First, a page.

Remington Model 788

Remington 788.jpg
Remington 788
Type Rifle
Place of origin  United States
Production history
Designer Wayne Leek
Manufacturer Remington Arms
Produced 1967-1983 [1]
Number built 565,000
Specifications
Cartridge .222 Remington
.223 Remington
.22-250 Remington
.243 Winchester
6mm Remington
7mm-08 Remington
.308 Winchester
.30-30 Winchester
.44 Remington Magnum
Action Bolt-action repeater
Feed system 3-rd, single-column box magazine

The Remington 788 is a bolt-action, centerfire rifle that was made by Remington Arms from 1967 to 1983. It was marketed as an inexpensive yet accurate hunting rifle to compete with other gun companies' less expensive rifles alongside their more expensive Model 700 line.[2] The 788 utilizes a single-column detachable magazine holding 3 rounds. A .22 rimfire model was also produced known as the 580, 581, or 582 depending on its method of feed. A target version of the .22 caliber 58x series, the 540X, was used by the US military[3] as a training rifle and later disposed through the Civilian Marksmanship Program.

Design[edit]

Remington 788 bolt

The Remington 788 has two distinguishing design features. The first is the rear-lugged bolt. The bolt has nine lugs in three rows of three lugs each. They lock into the receiver behind the magazine well. Due to this design, the bolt handle lifts only 60 degrees on opening giving more clearance for scopes compared to the 90 degrees required for the Model 700 and other two-lug rifles. The bolt travel is also reduced because of the rear lugs. The bolt pictured is a pre-1975 locking model from a .308 Winchester caliber rifle. The locking bolt requires the safety to be in the "fire" or "off" position in order to rotate the handle and actuate the bolt. Rifles manufactured from 1975 to 1983 have non-locking bolts which can be actuated while the safety is engaged. The second distinguishing feature is the receiver. It has a smaller ejection port than similar bolt action rifles, and no bolt lug raceways. The single stack magazine design yields a smaller feed opening in the bottom of the receiver compared to rifles using a double stack magazine well. When machining of these smaller ports is complete there is more steel remaining in the receiver between the ejection port and adjacent feed port, and significantly more steel overall where all receivers have the least strength. These characteristics combined to make the Remington 788 receiver more rigid and stronger than most, if not all, competing designs, including the Remington 700 which shares the same outside receiver diameter. A rifle's accuracy tends to increase slightly as the rigidity of the receiver increases, as this slightly reduces barrel deflection during firing. Thus the Remington 788 has the structural foundation to be a very accurate rifle.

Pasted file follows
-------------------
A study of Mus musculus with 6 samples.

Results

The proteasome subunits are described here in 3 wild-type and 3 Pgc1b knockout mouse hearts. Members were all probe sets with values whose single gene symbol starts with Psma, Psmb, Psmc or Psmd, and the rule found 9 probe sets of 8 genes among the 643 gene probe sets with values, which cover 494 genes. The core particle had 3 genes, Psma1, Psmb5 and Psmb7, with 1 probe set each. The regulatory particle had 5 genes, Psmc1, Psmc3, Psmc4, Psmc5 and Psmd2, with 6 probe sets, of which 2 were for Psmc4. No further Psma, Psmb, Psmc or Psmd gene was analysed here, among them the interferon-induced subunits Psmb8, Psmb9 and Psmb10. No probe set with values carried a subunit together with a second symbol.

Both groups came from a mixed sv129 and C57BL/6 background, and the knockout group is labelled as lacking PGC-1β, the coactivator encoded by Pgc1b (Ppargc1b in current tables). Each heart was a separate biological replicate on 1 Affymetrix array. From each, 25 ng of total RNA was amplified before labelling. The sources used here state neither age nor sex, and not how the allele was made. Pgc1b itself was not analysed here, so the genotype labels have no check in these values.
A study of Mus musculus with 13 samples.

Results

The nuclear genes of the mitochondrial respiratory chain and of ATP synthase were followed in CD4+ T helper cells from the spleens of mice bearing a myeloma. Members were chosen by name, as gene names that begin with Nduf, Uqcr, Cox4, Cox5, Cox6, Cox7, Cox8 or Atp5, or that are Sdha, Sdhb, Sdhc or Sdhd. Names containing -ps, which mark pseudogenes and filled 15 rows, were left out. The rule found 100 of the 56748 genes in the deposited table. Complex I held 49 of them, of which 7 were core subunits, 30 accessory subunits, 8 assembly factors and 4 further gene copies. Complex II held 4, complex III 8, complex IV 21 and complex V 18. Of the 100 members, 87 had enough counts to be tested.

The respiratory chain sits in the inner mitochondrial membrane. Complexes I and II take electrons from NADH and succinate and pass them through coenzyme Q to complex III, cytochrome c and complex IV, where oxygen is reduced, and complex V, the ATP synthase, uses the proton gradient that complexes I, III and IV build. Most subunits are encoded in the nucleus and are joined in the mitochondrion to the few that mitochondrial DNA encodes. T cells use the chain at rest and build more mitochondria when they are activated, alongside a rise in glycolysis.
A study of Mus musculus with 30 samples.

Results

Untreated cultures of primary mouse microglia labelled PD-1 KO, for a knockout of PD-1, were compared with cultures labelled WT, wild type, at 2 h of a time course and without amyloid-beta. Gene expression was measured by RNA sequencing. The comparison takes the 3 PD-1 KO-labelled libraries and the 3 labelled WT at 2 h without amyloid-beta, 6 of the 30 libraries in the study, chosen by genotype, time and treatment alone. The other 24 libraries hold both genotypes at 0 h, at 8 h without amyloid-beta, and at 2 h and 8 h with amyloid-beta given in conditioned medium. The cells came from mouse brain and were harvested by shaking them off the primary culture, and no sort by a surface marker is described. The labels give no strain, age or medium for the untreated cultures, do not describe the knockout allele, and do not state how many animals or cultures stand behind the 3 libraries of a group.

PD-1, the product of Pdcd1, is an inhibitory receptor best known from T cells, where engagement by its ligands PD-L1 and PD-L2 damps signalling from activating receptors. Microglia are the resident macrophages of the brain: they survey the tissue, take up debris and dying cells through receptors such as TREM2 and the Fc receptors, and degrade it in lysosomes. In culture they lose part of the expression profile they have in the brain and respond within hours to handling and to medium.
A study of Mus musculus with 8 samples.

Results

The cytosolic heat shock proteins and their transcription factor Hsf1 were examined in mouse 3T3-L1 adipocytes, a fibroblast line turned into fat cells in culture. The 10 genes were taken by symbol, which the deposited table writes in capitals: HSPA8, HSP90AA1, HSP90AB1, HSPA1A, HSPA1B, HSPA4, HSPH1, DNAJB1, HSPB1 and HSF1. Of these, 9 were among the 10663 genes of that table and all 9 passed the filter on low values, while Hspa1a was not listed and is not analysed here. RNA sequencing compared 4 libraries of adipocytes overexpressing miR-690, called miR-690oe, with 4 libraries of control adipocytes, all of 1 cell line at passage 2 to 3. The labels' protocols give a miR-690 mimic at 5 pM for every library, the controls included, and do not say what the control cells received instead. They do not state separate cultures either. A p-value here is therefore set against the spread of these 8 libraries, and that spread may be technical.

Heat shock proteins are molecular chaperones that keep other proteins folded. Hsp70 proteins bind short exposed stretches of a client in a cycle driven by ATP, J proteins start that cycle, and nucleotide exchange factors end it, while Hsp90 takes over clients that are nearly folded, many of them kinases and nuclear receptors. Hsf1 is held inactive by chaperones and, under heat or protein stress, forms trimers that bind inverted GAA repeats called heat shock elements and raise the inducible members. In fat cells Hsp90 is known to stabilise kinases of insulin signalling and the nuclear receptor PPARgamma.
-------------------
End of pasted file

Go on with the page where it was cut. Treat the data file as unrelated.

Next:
Variants[edit]

A left-handed version was produced in .308 and 6mm Remington calibers. The Carbine version with an 18.5-inch (47 cm) barrel was produced in .308 Winchester, 7mm-08, and .243. The stock was revised in 1980 being the only significant change throughout the production history. The following table presents a breakdown of this rifle's 15 year production run by caliber, year, and configuration.

Rifle Year w/18 ½" barrel
.222 Rem 1967–1980, 1982
.223 Rem 1975
.22-250 Rem 1967
.243 Win 1968 1980
6mm Rem 1969–1980
6mm Rem Left Hand 1969–1980
7mm-08 Rem 1980
.308 Win 1969
.308 Win Left Hand 1969–1980 1980
.30-30 Win 1967–1970
.44 Rem Mag 1967–1970

References[edit]

  1. ^ "Model 788 Bolt Action". Remington Arms. Retrieved 5 January 2013. 
  2. ^ Remington Arms http://www.remington.com/products/archived/centerfire/bolt-action/model-788.aspx
  3. ^ American Rifleman magazine, May 1976, p. 42.